The Transition of Print

21 May 2013 on Design by Anne Hennessy

print-dead

Worldwide the print industry has been hit very hard. Many businesses are running losses and just as many are closing up shop because business isn’t as lucrative as it once was. Compound this with printing operations in Asia who are undercutting local prices, even with freight factored into the equation.

The Internet and tablet devices have made a tremendous impact on the use of print media. Most households don’t have a stack of yellow pages anymore and newspapers are easily updated and viewed online. People are reading their favourite gossip site rather than buying a magazine. Not to mention e-readers like Kindle for books.

All of these reasons are contributing to an overall decline in print. You could easily use a sweeping statement like “print is dead”, however this does not acknowledge the transition that is occurring within the print industry.

This transition is not one into extinction; rather it is opening up the creative thought process to market differently. Just like venturing out of the house to go to the cinema for an experience, the use of print media is now a more considered enterprise.

A tangible printed piece is something that you can keep. A magazine can stay in a home or office space for years so it has a sense of longevity.

When you compare print advertising to internet advertising there is a great difference. Adverts on the internet can be ignored due to the oversaturation of products and services. Often adverts on the internet such as “pop ups” can be considered a nuisance. There is also hesitancy by people to click on unknown adverts as it may lead to viruses or being directed to a less than desirable site.

In terms of tangibility having a physical Christmas Card that you can touch and put in pride of place is going to have more of an impact than an e-card. Handing over a business card can draw a lot more attention than sending a contact via email. In fact a well thought out piece of print material will get people’s attention, especially if that attention is permission based interaction, rather than random pieces in the mail.

The following case study illustrates the need for adaptability and changing marketing strategies:

 A garden/landscaping business. They wanted to target areas in Sydney’s North West suburbs and appeal to families for garden maintenance or landscaping design for new homes.

 At first the company set up a website. They ensured that they had the correct key words for the google bots to pick them up in keyword searches. They also decided to place some adverts on website gardening forums. They found that there wasn’t much interest coming forward. In fact most business came from people seeing their van driving through the streets and then going on to the website or just calling directly.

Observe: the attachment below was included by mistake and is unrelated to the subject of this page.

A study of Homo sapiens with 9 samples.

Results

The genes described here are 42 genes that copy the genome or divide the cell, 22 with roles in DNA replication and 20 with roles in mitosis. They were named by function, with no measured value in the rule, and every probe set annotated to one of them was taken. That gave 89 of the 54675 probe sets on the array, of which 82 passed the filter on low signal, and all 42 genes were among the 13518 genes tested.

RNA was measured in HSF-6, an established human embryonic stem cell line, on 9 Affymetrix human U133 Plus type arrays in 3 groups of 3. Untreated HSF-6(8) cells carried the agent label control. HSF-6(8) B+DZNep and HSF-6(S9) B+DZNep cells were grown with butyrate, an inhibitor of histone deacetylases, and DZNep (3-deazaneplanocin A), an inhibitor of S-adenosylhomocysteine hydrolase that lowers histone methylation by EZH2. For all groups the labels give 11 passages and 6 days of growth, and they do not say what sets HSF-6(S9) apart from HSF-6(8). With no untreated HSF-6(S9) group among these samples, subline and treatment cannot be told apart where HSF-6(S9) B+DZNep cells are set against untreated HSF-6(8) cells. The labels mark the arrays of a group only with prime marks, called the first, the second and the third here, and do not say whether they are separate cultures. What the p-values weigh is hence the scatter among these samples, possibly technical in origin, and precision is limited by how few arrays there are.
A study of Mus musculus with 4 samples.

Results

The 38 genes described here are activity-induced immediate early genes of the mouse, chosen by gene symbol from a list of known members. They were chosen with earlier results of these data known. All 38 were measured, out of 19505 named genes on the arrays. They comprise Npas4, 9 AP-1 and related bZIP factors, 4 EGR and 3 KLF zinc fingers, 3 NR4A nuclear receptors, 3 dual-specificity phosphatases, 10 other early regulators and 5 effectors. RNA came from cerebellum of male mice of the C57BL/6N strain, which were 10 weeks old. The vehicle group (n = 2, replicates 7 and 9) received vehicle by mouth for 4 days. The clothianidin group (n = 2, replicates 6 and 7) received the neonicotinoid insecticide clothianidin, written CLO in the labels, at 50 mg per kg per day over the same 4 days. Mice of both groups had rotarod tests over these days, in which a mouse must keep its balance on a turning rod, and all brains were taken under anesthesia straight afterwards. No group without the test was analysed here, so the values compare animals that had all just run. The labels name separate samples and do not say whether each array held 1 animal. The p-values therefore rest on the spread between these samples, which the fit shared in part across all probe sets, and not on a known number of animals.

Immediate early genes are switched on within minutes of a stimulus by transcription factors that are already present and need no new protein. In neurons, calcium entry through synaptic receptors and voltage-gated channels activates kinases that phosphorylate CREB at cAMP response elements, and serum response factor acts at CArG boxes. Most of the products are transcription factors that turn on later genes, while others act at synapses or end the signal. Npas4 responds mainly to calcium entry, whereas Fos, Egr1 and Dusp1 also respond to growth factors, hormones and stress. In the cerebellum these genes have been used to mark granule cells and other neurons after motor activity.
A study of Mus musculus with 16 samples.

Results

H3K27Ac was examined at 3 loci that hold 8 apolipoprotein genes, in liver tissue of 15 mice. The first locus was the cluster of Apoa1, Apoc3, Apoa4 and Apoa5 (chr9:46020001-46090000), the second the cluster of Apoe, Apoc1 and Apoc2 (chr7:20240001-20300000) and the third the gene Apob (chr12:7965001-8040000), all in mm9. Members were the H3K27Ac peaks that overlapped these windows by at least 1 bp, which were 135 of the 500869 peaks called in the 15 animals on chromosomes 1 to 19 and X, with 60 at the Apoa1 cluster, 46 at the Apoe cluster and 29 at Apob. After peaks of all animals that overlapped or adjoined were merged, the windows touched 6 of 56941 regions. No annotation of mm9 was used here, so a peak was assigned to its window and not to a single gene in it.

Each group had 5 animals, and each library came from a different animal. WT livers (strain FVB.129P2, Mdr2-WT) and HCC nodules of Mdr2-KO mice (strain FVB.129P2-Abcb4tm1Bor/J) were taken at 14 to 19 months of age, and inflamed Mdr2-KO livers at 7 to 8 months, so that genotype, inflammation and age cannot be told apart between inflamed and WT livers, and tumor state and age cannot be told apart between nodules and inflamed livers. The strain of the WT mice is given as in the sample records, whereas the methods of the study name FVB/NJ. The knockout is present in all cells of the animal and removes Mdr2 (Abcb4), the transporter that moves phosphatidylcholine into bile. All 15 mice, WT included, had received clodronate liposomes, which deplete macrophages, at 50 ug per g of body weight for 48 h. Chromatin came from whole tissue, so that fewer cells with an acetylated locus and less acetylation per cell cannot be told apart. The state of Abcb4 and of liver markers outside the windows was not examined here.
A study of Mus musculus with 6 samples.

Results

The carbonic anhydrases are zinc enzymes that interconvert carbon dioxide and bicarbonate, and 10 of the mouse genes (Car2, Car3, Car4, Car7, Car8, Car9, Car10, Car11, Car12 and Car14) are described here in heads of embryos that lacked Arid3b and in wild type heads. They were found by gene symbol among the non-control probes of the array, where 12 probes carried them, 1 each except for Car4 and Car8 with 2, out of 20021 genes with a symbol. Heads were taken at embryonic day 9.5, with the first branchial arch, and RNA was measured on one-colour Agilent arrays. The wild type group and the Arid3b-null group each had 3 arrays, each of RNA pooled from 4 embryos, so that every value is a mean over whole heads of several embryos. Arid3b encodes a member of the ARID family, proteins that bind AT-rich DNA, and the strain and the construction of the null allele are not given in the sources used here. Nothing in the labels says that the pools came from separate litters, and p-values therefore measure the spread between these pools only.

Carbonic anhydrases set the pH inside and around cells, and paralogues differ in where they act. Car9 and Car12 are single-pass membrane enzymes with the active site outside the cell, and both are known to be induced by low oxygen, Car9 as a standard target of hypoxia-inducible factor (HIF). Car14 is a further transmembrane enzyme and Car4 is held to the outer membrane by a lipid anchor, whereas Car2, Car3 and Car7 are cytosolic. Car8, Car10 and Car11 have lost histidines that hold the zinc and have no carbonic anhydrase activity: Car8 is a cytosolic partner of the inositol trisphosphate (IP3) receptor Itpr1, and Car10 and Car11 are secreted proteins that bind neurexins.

The business then decided that they needed to change their approach to get more attention. They decided to target the local shopping and hardware centres in the targeted areas. They created an installation piece. A visual display of their work with beautiful potted plants. The entire site was branded from the pots to the stakes in the pots and the signage. They included a zen garden area which ended up attracting many children to the display. The display included a take home brochure which included an introductory offer for first time clients. The brochure included a QR code so smart phone users could scan it and go straight to their home page.

 The business in the month following received a 67% increase in business from this one venture alone. The elderly was an unexpected demographic captured due to the fact that most were not exposed to the internet and this was a way to reach them.

This case study really highlights the transitional phase for print at the moment. The print pieces included the signage, pot labels & stakes, plus the take home brochure.  The most important part of this case study to note is that everything worked in synergy. Just using the web alone wasn't the single answer to the problem. A well thought out marketing strategy, combining web, print and installation was the most effective.

So when you think of your next marketing strategy, be sure to consider the right balance of various media to create the greatest impact both in brand presence and sales.